It is also often argued that students are wrongly accused of plagiarism because they do not have the skill to reference correctly. This could be seen as unjust because the student's weakness in referencing accurately could become a hindrance to their education. Yet, this reason is cancelled out by the fact that every year Universities are investing large amount of resources, time and money in order to help students vastly improve on their referencing skills.
The harshest penalty of plagiarism and often considered as the last resort is permanent suspension of the student from the university. In such circumstances the student loses all rights to study at the University and the Tuition Fees that they have paid. Moreover, if a student is suspended, it may well be put on their record and this may deem them unfit for the sector they wish to work in. This can be illustrated in cases such as, Clark V University of Lincolnshire6 in which Clark was awarded a failure because she was accused of plagiarism.
However after several appeals the exam board agreed to remark her work but under the condition of only awarding her a third class degree because of the remark status. As a result Clark was unable to gain a career in the field she had studied because a third class degree was not high enough for the standard jobs in the field. Despite severe consequences students continue to plagiarise daily. Evidence of this can be seen in a recent incident that occurred at the University Of Kent7.
In this incidence a student admitted, "downloading material from the internet for his degree plans to sue his university for negligence"8. The student claimed that the university in question did not provide guidelines on plagiarism and had allowed him to plagiarise for nearly three years, as a result of which the student is now in a sufficient amount of debt and no degree. However as stated before, Universities have invested in very expensive resources in order to help them identify and investigate plagiarism.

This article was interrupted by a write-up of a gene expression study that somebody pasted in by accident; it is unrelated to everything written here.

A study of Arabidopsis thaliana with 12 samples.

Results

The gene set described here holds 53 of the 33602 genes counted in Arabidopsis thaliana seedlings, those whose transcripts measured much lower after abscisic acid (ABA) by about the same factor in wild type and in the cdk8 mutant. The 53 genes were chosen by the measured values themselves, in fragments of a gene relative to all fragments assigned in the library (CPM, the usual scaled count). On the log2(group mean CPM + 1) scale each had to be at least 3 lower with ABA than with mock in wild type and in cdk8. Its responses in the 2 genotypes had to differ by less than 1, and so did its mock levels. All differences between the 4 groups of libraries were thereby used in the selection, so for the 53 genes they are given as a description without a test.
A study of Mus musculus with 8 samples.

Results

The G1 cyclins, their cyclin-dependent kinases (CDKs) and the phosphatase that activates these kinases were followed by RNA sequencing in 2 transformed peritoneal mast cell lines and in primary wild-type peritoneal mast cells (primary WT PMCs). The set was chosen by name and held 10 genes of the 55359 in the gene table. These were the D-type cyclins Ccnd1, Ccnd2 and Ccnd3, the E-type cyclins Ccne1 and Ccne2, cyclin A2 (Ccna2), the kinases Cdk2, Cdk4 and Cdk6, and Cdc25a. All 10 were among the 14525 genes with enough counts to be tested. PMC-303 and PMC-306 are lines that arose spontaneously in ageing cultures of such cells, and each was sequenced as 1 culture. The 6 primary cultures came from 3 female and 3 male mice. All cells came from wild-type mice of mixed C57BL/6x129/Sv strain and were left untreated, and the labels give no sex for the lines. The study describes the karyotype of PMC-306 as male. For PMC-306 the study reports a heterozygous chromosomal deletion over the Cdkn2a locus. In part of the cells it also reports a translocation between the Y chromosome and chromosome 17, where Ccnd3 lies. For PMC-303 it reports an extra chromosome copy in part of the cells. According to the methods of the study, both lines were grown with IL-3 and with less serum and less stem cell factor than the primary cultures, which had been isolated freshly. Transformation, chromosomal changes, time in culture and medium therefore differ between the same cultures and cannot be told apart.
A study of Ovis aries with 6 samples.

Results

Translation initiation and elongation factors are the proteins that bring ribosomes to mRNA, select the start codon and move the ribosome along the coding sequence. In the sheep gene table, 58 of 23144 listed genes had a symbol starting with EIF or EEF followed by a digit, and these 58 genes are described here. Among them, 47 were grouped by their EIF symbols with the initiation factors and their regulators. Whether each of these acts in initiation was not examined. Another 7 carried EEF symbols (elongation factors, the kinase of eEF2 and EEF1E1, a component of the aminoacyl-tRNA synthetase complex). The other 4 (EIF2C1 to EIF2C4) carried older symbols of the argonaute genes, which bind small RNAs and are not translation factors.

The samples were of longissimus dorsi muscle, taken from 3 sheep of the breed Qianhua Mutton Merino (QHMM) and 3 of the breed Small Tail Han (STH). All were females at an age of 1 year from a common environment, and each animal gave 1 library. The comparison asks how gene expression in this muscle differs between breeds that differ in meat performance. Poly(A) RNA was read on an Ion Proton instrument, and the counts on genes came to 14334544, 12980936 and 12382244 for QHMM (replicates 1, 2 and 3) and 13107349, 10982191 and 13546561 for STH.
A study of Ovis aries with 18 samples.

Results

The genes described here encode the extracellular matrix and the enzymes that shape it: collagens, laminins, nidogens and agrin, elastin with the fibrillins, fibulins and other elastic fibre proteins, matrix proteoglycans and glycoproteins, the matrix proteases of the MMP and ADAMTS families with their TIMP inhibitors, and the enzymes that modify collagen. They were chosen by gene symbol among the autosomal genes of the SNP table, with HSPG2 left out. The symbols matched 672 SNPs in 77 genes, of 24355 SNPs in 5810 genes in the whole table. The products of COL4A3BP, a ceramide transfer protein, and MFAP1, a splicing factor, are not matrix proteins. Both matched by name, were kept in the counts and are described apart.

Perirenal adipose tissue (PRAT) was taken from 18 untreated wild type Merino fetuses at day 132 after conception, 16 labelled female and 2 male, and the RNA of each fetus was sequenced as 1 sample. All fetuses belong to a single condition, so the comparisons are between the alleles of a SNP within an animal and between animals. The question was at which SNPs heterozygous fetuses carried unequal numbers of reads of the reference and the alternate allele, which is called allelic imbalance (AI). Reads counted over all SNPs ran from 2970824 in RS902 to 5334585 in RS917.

Universities use softwares such as, 'Turn It In', 'Plagiarism Tester' and so on; in order to help them identify plagiarism. A severe consequence of allowing a university student to plagiarise would be the students' inability to think for themselves. It has been a great subject in the media as to how Ofsted feels that schools are not intellectually educating students with the skills they need for the future; but instead spoon-feeding them to just ensure that the reputation of the school is saved on the league table, instead of equipping students with knowledge that ensures success in the practical world.
The same concept can be applied to higher education: if plagiarism is made acceptable, students will lose the incentive to produce original ideas and will simply put together works of great philosophers, lawyers, judges, sociologists as opposed to their personal views and this could easily slow down academic progression. However it can be argued that this may not be as wrong as it sounds, as it will enable students to be able to make further advances to others works and the outcome may be positive. As the saying goes, "many hands can make light work"9 .
Therefore it is possible that by allowing students to plagiarise and make advances to others works there may be another period of enlightenment where by uniting the ideas of masterminds might lead to another revolution. Thus it may be a start towards a new era, as students will be able to put together arguments. However this school of thought is greatly flawed, because if this becomes the case, degrees will no longer teach people but instead become a costly exercise of researching and putting together ideas of many great people.
To conclude, plagiarism can be deemed as wrong in any of the circumstances. In order for universities to effectively end plagiarism they will have to tighten up on the punishments and leave no room for leniency. Universities should frequently update their software to effectively deal with plagiarism. However none of these may be a high enough cost for students to stop plagiarising thus maybe it just really is time for a new legislation to be passed; that states clearly how intentional plagiarism at university is unlawful.